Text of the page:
Hey kids, do you feel anxious when you have to wave goodbye to your friends? Feeling anxious is a normal deal; even adults feel the same when leaving. But it is essential to let people leave with a smiling goodbye kiss and wave because it makes their journey peaceful and enjoyable.
In this article, we will read some goodbye poems in English, and through these poems, you will learn how to say goodbye nicely. We will also read some rhyming poems for kids in this article. So, without wasting any moment, let's dive into the article!
Thou rocky corner in the lowest stair
Of that magnificent temple which doth bound
One side of our whole vale with grandeur rare;
Sweet garden-orchard, eminently fair,
The loveliest spot that man hath ever found,
Farewell!--we leave thee to Heaven's peaceful care,
Thee, and the Cottage which thou dost surround.
Our boat is safely anchored by the shore,
And there will safely ride when we are gone;
The flowering shrubs that deck our humble door
Will prosper, though untended and alone:
Fields, goods, and far-off chattels we have none:
These narrow bounds contain our private store
Of things earth makes, and sun doth shine upon;
Here are they in our sight--we have no more.
A Farewell by William Wordsworth
Sunshine and shower be with you, bud and bell!
For two months now in vain we shall be sought:
We leave you here in solitude to dwell
With these our latest gifts of tender thought;
Thou, like the morning, in thy saffron coat,
Bright gowan, and marsh-marigold, farewell!
Whom from the borders of the Lake we brought,
And placed together near our rocky Well.
We go for One to whom ye will be dear;
And she will prize this Bower, this Indian shed,
Our own contrivance, Building without peer!
--A gentle Maid, whose heart is lowly bred,
Whose pleasures are in wild fields gathered,
With joyousness, and with a thoughtful cheer,
Will come to you; to you herself will wed;
And love the blessed life that we lead here.
Dear Spot! which we have watched with tender heed,
Bringing thee chosen plants and blossoms blown
Among the distant mountains, flower and weed,
Which thou hast taken to thee as thy own,
Making all kindness registered and known;
Thou for our sakes, though Nature's child indeed,
Fair in thyself and beautiful alone,
Hast taken gifts which thou dost little need.
And O most constant, yet most fickle Place,
Thou hast thy wayward moods, as thou dost show
To them who look not daily on thy face;
Who, being loved, in love no bounds dost know,
And say'st, when we forsake thee, 'Let them go!'
Thou easy-hearted Thing, with thy wild race
Of weeds and flowers, till we return be slow,
And travel with the year at a soft pace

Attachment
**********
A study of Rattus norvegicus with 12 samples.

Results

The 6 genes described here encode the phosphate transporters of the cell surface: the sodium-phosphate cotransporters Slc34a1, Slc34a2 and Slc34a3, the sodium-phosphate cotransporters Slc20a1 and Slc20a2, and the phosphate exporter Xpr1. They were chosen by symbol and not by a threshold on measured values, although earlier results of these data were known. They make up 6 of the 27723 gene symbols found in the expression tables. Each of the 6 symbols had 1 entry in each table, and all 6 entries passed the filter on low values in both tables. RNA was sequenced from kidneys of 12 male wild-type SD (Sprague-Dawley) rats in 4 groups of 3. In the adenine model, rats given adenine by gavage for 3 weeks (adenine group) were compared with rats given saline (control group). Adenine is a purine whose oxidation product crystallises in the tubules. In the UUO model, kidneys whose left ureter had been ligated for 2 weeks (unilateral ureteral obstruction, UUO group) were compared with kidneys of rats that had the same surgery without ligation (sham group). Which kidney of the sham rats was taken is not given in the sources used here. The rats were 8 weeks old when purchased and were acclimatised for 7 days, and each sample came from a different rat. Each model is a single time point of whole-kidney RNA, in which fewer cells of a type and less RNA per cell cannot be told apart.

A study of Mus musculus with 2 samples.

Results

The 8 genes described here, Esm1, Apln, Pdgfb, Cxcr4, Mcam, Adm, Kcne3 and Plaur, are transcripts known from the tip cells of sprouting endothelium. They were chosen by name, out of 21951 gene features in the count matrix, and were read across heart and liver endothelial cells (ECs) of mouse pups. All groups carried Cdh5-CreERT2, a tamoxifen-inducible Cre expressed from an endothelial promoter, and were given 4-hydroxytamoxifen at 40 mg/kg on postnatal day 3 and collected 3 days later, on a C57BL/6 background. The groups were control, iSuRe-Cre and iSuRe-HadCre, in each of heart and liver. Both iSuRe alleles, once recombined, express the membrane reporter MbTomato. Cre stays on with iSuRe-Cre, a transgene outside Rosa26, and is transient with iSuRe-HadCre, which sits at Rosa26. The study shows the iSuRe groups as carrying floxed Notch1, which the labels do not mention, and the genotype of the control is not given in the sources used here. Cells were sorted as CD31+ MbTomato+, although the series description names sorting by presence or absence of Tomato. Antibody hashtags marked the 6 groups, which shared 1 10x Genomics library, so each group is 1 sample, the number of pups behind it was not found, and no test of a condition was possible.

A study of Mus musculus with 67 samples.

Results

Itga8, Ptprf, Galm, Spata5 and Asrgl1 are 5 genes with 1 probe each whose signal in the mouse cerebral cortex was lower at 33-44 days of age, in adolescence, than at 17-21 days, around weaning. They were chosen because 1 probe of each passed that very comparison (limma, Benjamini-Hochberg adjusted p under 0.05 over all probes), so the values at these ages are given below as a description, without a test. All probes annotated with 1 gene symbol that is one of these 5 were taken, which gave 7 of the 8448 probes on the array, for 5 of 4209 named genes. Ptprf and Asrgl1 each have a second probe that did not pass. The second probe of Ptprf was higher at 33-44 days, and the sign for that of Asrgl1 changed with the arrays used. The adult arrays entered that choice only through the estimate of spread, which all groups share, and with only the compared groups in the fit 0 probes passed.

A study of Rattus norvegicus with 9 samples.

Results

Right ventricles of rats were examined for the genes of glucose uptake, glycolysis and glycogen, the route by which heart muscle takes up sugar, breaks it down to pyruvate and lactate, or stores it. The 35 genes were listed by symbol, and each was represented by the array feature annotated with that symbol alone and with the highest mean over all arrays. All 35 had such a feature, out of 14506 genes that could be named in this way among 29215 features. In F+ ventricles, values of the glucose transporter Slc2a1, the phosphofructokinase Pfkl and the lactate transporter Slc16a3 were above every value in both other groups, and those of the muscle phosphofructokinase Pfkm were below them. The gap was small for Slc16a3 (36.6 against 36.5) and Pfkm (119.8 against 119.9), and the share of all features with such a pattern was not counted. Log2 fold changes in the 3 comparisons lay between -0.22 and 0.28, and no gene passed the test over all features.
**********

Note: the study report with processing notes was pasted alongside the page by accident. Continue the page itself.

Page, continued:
Help us to tell Her tales of years gone by,
And this sweet spring, the best beloved and best;
Joy will be flown in its mortality;
Something must stay to tell us of the rest.
Here, thronged with primroses, the steep rock's breast
Glittered at evening like a starry sky;
And in this bush our sparrow built her nest,
Of which I sang one song that will not die.
O happy Garden! whose seclusion deep
Hath been so friendly to industrious hours;
And to soft slumbers, that did gently steep
Our spirits, carrying with them dreams of flowers,
And wild notes warbled among leafy bowers;
Two burning months let summer overleap,
And, coming back with Her who will be ours,
Into thy bosom we again shall creep.
The rhyme scene of this poem is ababbaba. In the opening word of the poem, A Farewell by William Wordsworth, the poet is saying goodbye to a little nook (a part of the mountain). The next three have the description of a corner, which is rocky below on one side of a mountain, which the poet calls the magnificent temple.
The poet is giving a rocky corner a religious feel. He addresses material things like boas, shrubs, and cottages. He says that things will be alright when they are gone.
The poet is leaving the garden for a few months. That is why the poet is trying to personify it. The poem concentrates on the bond between the poet and his garden. In a way, he is trying to focus on the bond between nature and mankind. The poet says that the garden also has its moods; he is referring to the weather here. The poet also loves to sit in the garden and write here.
Through this poem: A Farewell by William Wordsworth, the poet is personifying the garden. He is telling how the garden became a friend to him, and now he even recognizes his moods, that is the weather. The poet is sad because he is going to meet someone, and he will come back after two months. Until then, he will miss his garden.
In this article, we saw a beautiful bond between nature and humans. We learnt to embrace nature through this goodbye poem in English. The main point in this poem is the beauty and inspiration of nature, and the poet is embracing that.
1. What are the other poems written by William Wordsworth?
The Prelude, I Wandered Lonely as a Cloud, etc. are a few other poems written by William Wordsworth.
2. Give two full rhymes and two slant rhymes from the poem.
Two full rhymes - ground-bound, shore-door
Slant rhymes - gone-alone, gathered-wed
3. What is the metre used in the poem?
The metre used in the poem is Iambic Pentameter.